Clinton, Obama banter reaches fever pitch in Ohio debate

Aggressive cuts and thrusts over Iraq, health care and campaign tactics dominated the 20th and possibly final Democratic debate Tuesday as Hillary Rodham Clinton and Barack Obama angled for advantage a week before a crucial set of primaries.

The moderators — NBC's Brian Williams and Tim Russert — ran excerpts of the senators attacking each other, including Clinton ridiculing Obama's "hope" message. She said she had "tangled" with drug and insurance companies in trying to reform health care and "I do think we need a fighter back in the White House."

"I am absolutely clear that hope is not enough," Obama said. But he said that "if the American people are activated, that's how change is going to happen." He added that Clinton had alienated not just drug and insurance companies in her failed 1993-94 health care reform effort but fellow Democrats.

MSNBC billed the debate at Cleveland State University as "do or die," and that wasn't far off. Clinton, of New York, has lost 11 contests in a row to Obama, of Illinois. Clinton advisers, including her husband, have said she needs to win Texas and Ohio on March 4 to stay viable.

Clinton was on the defensive from the start, when Williams asked about her angry weekend attack on Obama over mailers she said distorted her health care plan.

"This is a contested campaign," Clinton said, and it's important to let voters know where there are differences and misrepresentations.

Obama answered that Clinton has used all kinds of negative mailings, ads and phone calls against him, and "we haven't whined about it because I understand that's the nature of these campaigns."

Clinton said Obama's mailing wrongly said that she would "force people to have health care whether they could afford it or not" and could have been written by "the insurance companies and the Republicans." Her plan would require people to buy coverage, and she says she would make it affordable.

Some undercurrents surfaced in the faceoff, including Clinton camp complaints about unfair treatment by the media. "I seem to get the first question all the time," Clinton said. Referring to a Saturday Night Live satire of kid gloves treatment of Obama, she added, "Maybe we should ask Barack if he's comfortable and needs another pillow."

Some of the sharpest exchanges came over Iraq and foreign policy. Clinton said Obama chairs a subcommittee on Europe but had held no hearings on how to strengthen NATO's hand in Afghanistan. She also said Obama had unwisely "threatened to bomb Pakistan."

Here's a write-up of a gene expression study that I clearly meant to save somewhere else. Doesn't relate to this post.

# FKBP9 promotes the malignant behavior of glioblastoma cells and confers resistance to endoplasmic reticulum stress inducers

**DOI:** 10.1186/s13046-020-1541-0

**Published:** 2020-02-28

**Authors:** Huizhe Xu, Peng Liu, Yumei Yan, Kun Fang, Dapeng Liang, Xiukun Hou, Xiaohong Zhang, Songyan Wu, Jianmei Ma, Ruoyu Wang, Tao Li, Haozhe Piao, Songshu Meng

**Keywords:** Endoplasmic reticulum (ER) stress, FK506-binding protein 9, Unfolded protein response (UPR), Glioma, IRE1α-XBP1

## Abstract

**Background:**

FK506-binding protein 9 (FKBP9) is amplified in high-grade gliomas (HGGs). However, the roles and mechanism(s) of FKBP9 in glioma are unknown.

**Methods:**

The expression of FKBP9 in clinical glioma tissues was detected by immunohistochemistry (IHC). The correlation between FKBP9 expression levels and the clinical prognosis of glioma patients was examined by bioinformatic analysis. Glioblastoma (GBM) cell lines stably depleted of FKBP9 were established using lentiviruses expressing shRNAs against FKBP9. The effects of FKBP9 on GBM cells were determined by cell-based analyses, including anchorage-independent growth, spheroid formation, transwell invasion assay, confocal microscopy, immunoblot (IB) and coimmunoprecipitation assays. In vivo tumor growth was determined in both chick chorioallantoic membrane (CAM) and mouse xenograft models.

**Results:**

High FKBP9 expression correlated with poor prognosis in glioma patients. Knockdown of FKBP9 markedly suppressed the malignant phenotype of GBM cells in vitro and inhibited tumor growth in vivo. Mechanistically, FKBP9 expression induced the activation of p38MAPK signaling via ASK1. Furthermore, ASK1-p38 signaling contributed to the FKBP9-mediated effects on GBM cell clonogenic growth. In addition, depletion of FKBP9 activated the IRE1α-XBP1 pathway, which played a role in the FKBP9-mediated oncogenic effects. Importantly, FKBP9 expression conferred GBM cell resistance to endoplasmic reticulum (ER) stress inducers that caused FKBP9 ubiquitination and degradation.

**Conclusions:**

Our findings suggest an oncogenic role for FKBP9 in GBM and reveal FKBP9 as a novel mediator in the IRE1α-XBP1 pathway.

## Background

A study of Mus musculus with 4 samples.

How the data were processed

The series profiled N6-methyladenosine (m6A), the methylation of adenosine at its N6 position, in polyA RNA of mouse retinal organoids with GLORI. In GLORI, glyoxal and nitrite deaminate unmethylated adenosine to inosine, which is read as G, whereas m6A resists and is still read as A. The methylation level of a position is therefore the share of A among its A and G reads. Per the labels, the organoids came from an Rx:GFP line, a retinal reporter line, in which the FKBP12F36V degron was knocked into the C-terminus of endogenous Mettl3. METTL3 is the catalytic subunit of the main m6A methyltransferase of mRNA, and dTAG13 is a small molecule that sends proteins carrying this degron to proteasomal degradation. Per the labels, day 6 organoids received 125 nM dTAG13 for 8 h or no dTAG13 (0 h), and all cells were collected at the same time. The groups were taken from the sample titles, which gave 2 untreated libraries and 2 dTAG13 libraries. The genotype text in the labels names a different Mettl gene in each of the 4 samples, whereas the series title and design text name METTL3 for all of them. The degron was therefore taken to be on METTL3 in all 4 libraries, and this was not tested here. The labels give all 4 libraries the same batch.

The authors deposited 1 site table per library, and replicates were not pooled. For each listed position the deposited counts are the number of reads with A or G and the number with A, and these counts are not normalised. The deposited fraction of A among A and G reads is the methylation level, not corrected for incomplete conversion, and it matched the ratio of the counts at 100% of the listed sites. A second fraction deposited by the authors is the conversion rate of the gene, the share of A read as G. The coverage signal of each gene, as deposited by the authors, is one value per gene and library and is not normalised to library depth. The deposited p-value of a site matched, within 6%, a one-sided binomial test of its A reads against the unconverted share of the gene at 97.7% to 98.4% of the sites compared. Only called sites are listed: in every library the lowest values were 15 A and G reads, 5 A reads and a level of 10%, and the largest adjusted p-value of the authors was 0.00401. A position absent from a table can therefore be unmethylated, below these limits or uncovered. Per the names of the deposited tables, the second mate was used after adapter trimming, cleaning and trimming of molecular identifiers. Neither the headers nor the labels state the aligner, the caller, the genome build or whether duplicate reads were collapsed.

Obama said he had never made that threat, but had proposed to strike terrorists within Pakistan if the government there were unwilling or unable to do so — something he said the Bush administration did just several days ago.

Twisting a line Clinton often uses, he said she was "ready to give in to George Bush on Day One" on Iraq and had helped Bush "drive the bus into the ditch." He also said her stand on Iraq was "essentially similar" to likely GOP nominee John McCain's "until (she) started running for president."

Both candidates have emphasized economic growth plans in this state, where manufacturing is in decline and tens of thousands have lost jobs. They said in the debate they would reserve the option to withdraw from the North American Free Trade Agreement if they could not get Mexico and Canada to renegotiate the pact.

The moderators asked Obama about a recent statement of support from Nation of Islam leader Louis Farrakhan. Obama said he considers Israel's security "sacrosanct" and has denounced Farrakhan's anti-Semitic remarks.

Clinton responded that she had "rejected" unwelcome support in her 2000 Senate campaign at some political risk and said his denunciation was not enough. "I don't see a difference between denouncing and rejecting," Obama said, but "I'm happy to concede the point and I would reject and denounce."

Obama hedged about whether he would take public money for the general election if he is the nominee, as he once said he would. Clinton was vague on when she'd release her tax returns except to say not before the next primaries. "I'm a little busy right now," she said.